February begins under less stormy conditions than the torrential rain that pummeled L.A. and other cities across California in January, causing mudslides, flooding, and road closures. But with extreme weather events more likely with human-induced climate change, the forecast ahead isn’t sunny. Recognizing this climate crisis, UCLA is reducing emissions through energy efficiency and renewable energy and developing a pathway to decarbonization.
When carbon emissions run amok, it leads to extreme weather events worsening. Rising emissions are associated with changes in weather patterns. Scientific studies indicate that large storms, like the ones that hit across our state, are expected to worsen in frequency, intensity, and impact with human-induced climate change. With this critical challenge affecting California today—and the potential to further cause damage, with the worst impacts felt by our most vulnerable communities—UCLA is taking action.
While UCLA’s base of operations has grown, adding millions of square feet to the campus footprint, the equivalent of thousands of houses, there has not been a parallel increase in greenhouse gas emissions. By using less energy and renewable sources, combined with other efforts, including greening the campus fleet, UCLA lowered its greenhouse gas emissions to 1990 levels almost a decade ago in 2014, achieving this goal set for 2020 six years ahead of schedule.
The climate section of UCLA’s Sustainability Plan delves into decarbonization efforts on campus in the area of energy, from solar panels on campus to a major Renewable Rate agreement with our utility, the Los Angeles Department of Water and Power (LADWP). Energy conservation is crucial for reaching carbon neutrality and a very effective way to achieve carbon reductions.
An example climate project setting UCLA on the path to a clean energy future is Facilities Management’s Smart Buildings & Labs Program. The program was created to improve energy conservation in campus spaces. Retrofitting light fixtures with LEDs that require less energy to operate than incandescent, fluorescent, and other types of lighting is one way this initiative is expanding energy efficiency. Other program efforts include modifying outdoor air to meet the temperature and humidity requirements of indoor environments to reduce energy use, and in laboratories, one of the highest energy use spaces on campus, replacing older, less efficient equipment with newer models.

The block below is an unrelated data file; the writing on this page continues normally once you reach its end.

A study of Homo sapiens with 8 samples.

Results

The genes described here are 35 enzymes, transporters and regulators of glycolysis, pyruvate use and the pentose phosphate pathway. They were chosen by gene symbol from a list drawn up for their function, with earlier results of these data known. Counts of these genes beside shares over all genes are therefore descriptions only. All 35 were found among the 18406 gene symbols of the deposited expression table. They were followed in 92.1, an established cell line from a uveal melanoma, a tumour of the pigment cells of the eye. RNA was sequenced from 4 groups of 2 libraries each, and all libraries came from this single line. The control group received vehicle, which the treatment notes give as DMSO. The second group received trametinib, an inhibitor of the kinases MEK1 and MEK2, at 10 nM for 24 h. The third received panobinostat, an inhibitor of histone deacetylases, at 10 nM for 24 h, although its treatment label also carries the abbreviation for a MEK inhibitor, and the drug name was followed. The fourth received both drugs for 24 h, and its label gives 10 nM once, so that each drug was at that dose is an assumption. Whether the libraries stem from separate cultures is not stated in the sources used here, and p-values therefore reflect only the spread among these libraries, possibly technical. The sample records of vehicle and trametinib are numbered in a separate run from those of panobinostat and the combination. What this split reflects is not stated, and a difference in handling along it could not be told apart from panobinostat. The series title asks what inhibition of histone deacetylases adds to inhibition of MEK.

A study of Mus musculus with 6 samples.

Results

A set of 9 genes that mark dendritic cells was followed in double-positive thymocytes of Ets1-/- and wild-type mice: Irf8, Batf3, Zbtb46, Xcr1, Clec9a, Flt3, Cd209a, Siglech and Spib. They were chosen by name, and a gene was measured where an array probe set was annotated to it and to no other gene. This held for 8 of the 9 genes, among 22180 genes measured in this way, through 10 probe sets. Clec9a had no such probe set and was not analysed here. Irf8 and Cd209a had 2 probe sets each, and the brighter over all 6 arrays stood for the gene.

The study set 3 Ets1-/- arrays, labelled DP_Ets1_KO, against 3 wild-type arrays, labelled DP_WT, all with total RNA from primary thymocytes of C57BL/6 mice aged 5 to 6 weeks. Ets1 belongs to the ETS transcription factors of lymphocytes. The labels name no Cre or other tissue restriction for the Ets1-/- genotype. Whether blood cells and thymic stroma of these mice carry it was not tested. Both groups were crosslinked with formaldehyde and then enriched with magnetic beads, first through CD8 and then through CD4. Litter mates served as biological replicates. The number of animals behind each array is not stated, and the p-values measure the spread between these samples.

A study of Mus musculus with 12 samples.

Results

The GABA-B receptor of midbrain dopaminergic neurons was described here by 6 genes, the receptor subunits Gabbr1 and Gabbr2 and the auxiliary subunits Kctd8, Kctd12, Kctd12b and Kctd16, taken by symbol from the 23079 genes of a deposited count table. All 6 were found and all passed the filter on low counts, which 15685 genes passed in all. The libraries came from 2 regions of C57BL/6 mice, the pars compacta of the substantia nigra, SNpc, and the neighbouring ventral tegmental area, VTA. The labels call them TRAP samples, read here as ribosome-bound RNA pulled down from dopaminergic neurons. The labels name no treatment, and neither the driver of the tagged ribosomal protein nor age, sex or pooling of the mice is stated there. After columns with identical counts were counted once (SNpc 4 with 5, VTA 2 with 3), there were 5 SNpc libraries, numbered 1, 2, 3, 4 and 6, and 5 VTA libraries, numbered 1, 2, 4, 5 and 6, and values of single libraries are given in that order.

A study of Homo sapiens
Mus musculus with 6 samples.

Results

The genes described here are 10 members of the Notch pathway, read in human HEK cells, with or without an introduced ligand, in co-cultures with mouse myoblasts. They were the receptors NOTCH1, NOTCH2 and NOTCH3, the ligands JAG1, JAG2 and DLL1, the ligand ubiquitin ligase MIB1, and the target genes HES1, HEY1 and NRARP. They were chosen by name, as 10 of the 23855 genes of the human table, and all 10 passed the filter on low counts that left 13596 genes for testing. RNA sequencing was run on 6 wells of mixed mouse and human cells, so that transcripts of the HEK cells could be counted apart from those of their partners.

The UCLA Sustainable LA Grand Challenge tries to set the tone through campus wide, interdisciplinary action that meets the needs of our external partners and surrounding communities in fair and equitable ways. For example, the initiative continues to coordinate researchers and LADWP to work toward equitable solutions to reach 100% renewable energy in Los Angeles, and it just recently launched its Transformative Research and Collaboration (TRACtion) programming. The first two years will focus on Transportation, in partnership with the UCLA Institute of Transportation Studies, marshalling a roadmap forward for the region by the effort’s conclusion.
Bruins looking for bright ideas to save energy can start here. Other energy-saving tips include switching to energy-efficient appliances and unplugging devices you aren’t using. Using less hot water also reduces energy consumption.
Students, faculty, and staff can also aid in energy conservation on campus by alerting Facilities Management to any issues they spot. These could be flickering lights indoors or outdoor lights on during the day, leaking water fixtures, and rooms in campus buildings that are too hot or cold. All Bruins can report issues using the UCLA 311 Mobile App or by filling out a Facilities Service Request online.
Starting this year, in collaboration with other UC campuses and with funding support from the state, UCLA will undertake a major decarbonization study and address climate resilience through a UC-wide justice, equity, diversity, and inclusion-centered resilience planning project. Stay tuned for opportunities to provide feedback on these efforts and weigh in on updates to the climate section of the UC-wide Sustainable Practices Policy. And if you’d like to join us in engaging in sustainability, drop an email to email@example.com.